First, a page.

I like the opening of Episode 31, which shows Injo (previously known as Neungyang) disturbed even in his sleep by Gwanghae and Jung-myeong. It means that subconsciously he probably knows they’re right, but because of his inferior complex, all he wants to, and can do, is to oppress Jungmyeong and her allies to display his powers (which in fact, are held by Kim Ja-jeom).
Jung-myeong not only fights head-on with Injo, she also has to take on Yeo-jung, who is imo, a more difficult opponent than Injo. Yeo-jung has a mean streak, on top of being jealous easily. She probably hates that she is from a lowly rank in birth, thus it means everything to her to become the king’s woman, and she especially despises Jung-myeong for being born a princess. The Chinese have this saying: “Never offend a narrow-minded person”, because one doesn’t know to what length they’ll do to take revenge on you. Unfortunately for Jung-myeong, she offended not just one, but two extremely volatile and narrow-minded people, who’re out for her blood.
From Jung-myeong’s point of view, I guess she’s trying to get Injo to continue the policies left behind by Gwanghae, instead of the corrupt politics played by Injo’s supporters. But to Injo, she is simply interfering with the state affairs, and most importantly, looks down on him. For Yeo-jung, Jung-myeong upheld the rules of the inner palace, which Yeo-jung openly flouted (just because she knows she’ll be named a concubine soon).
Yeo-jung orchestrated her revenge (with the green light given by Injo, of course), making use of the “secret police” headed by Lee Gwal (who’d go on to stage a rebellion and successfully capture the capital with his rebel army). Together, they made false evidence, and accused Jung-myeong of cursing Injo with voodoo dolls, captured the cook ahjumma and her daughter Eun-seol (both from the Department of Artillery) and claimed that they’re Jung-myeong’s accomplice in the act.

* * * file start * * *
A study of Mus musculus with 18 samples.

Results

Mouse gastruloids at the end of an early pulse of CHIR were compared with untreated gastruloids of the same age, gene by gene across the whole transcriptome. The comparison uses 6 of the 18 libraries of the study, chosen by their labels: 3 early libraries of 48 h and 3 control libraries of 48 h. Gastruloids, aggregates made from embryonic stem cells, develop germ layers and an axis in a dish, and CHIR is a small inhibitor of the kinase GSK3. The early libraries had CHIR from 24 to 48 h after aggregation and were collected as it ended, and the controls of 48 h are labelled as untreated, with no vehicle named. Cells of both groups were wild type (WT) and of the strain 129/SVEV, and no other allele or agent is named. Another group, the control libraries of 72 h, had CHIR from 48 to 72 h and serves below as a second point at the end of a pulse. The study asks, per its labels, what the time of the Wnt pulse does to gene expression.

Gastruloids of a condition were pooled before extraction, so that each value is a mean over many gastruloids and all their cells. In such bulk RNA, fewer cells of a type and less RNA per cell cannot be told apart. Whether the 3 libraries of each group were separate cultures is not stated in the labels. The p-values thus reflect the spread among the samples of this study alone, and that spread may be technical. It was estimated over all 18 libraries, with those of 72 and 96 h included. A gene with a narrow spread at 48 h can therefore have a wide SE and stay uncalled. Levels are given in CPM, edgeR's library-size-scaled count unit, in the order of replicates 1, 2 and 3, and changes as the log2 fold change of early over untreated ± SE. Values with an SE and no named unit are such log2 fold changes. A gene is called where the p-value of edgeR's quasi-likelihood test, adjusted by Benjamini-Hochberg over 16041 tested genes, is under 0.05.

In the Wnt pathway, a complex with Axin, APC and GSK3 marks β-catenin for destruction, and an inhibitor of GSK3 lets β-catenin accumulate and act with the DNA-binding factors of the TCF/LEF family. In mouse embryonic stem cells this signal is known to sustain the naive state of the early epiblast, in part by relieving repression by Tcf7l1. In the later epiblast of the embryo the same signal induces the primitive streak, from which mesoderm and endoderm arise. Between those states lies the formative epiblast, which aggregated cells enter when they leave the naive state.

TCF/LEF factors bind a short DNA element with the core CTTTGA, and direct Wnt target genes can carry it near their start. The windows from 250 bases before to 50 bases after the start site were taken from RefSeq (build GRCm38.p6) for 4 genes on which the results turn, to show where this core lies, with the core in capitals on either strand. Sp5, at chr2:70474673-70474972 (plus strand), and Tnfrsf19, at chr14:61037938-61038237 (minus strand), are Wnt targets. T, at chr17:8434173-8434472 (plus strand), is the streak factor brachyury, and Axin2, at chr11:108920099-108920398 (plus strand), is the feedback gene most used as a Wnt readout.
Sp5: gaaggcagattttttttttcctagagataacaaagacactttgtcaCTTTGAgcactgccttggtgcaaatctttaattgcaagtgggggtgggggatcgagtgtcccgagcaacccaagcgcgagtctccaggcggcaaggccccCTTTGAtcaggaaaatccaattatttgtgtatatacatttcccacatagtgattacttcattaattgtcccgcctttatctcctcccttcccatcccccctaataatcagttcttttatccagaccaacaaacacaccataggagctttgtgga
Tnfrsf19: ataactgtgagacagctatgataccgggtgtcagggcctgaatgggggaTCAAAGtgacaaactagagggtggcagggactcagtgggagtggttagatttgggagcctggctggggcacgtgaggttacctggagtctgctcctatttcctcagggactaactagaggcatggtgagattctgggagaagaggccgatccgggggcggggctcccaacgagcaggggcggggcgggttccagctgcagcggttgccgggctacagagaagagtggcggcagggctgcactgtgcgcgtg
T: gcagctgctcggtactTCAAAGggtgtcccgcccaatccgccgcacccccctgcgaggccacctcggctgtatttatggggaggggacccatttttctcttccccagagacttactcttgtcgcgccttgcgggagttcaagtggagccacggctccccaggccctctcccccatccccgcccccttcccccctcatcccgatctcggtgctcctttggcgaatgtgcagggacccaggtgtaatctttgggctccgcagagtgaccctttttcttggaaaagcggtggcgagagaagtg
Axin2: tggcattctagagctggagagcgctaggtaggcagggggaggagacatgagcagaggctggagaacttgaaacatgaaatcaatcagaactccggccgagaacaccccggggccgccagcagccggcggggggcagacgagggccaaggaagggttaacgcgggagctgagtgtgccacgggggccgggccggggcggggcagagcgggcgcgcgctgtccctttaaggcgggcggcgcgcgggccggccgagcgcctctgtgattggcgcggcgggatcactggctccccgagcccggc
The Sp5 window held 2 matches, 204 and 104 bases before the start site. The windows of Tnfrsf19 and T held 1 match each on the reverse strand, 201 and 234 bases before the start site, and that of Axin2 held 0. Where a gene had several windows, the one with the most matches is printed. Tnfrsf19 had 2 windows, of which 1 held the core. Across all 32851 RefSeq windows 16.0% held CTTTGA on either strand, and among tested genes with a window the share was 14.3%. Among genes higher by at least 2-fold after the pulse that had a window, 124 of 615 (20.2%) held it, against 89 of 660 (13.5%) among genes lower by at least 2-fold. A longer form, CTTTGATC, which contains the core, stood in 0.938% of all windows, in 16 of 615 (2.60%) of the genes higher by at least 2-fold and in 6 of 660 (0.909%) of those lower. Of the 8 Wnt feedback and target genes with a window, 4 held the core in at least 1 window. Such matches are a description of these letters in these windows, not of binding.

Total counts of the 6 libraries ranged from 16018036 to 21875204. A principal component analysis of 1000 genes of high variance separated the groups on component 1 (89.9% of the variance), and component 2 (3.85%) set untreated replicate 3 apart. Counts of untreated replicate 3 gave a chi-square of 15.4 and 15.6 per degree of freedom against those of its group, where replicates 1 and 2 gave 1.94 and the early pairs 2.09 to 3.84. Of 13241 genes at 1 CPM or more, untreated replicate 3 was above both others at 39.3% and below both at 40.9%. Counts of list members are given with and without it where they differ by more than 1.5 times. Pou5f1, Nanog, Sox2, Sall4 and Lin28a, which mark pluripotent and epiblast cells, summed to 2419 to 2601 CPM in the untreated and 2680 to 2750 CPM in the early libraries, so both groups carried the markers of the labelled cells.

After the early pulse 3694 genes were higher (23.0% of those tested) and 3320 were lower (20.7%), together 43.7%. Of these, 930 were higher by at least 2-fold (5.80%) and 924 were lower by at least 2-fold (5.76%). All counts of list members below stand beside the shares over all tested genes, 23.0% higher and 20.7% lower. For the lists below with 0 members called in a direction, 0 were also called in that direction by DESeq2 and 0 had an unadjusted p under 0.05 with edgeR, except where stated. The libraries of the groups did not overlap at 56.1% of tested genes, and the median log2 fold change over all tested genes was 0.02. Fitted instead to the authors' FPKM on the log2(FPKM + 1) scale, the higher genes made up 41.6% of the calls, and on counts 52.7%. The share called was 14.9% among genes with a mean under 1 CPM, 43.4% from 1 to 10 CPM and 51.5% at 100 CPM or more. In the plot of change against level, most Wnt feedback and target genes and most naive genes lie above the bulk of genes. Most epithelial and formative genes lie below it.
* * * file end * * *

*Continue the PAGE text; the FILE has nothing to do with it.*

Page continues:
Back to Jung-myeong’s battle with Injo, Kim Ja-jeom tried to get her over to their side, by offering her more lands (all royal family members have their own lands, which citizens are hired to work on, and pay their taxes to the owner of the land), thinking that Jung-myeong wouldn’t reject extra income. However, at a “meet-the-people session” (where everything is staged and scripted) Injo and his cronies decided to hold, a peasant (who was told by an official that he can say anything he wants) revealed that Jung-myeong waived all taxes for those working on her lands, and this piece of news had Injo all shaking with anger.
The official who told the peasant (in the previous paragraph), is none other than Choi Myung-gil (Im Ho), who will play a pivotal role in Joseon’s acceptance of Qing China’s demand of Joseon being a vassal state. For now, he is seeking for an alliance with Jung-myeong, presumably because he doesn’t agree with Kim Ja-jeom.
Kang Joo-seon and his wife are looking for ways to revive their family glory, and while she decides to make an acquaintance with Yeo-jung, In Woo suggests to his father that an alliance can be made with Kim Ja-jeom. Both crafty old men see eye to eye with each other, and decided to kick Jung-myeong out of the scene.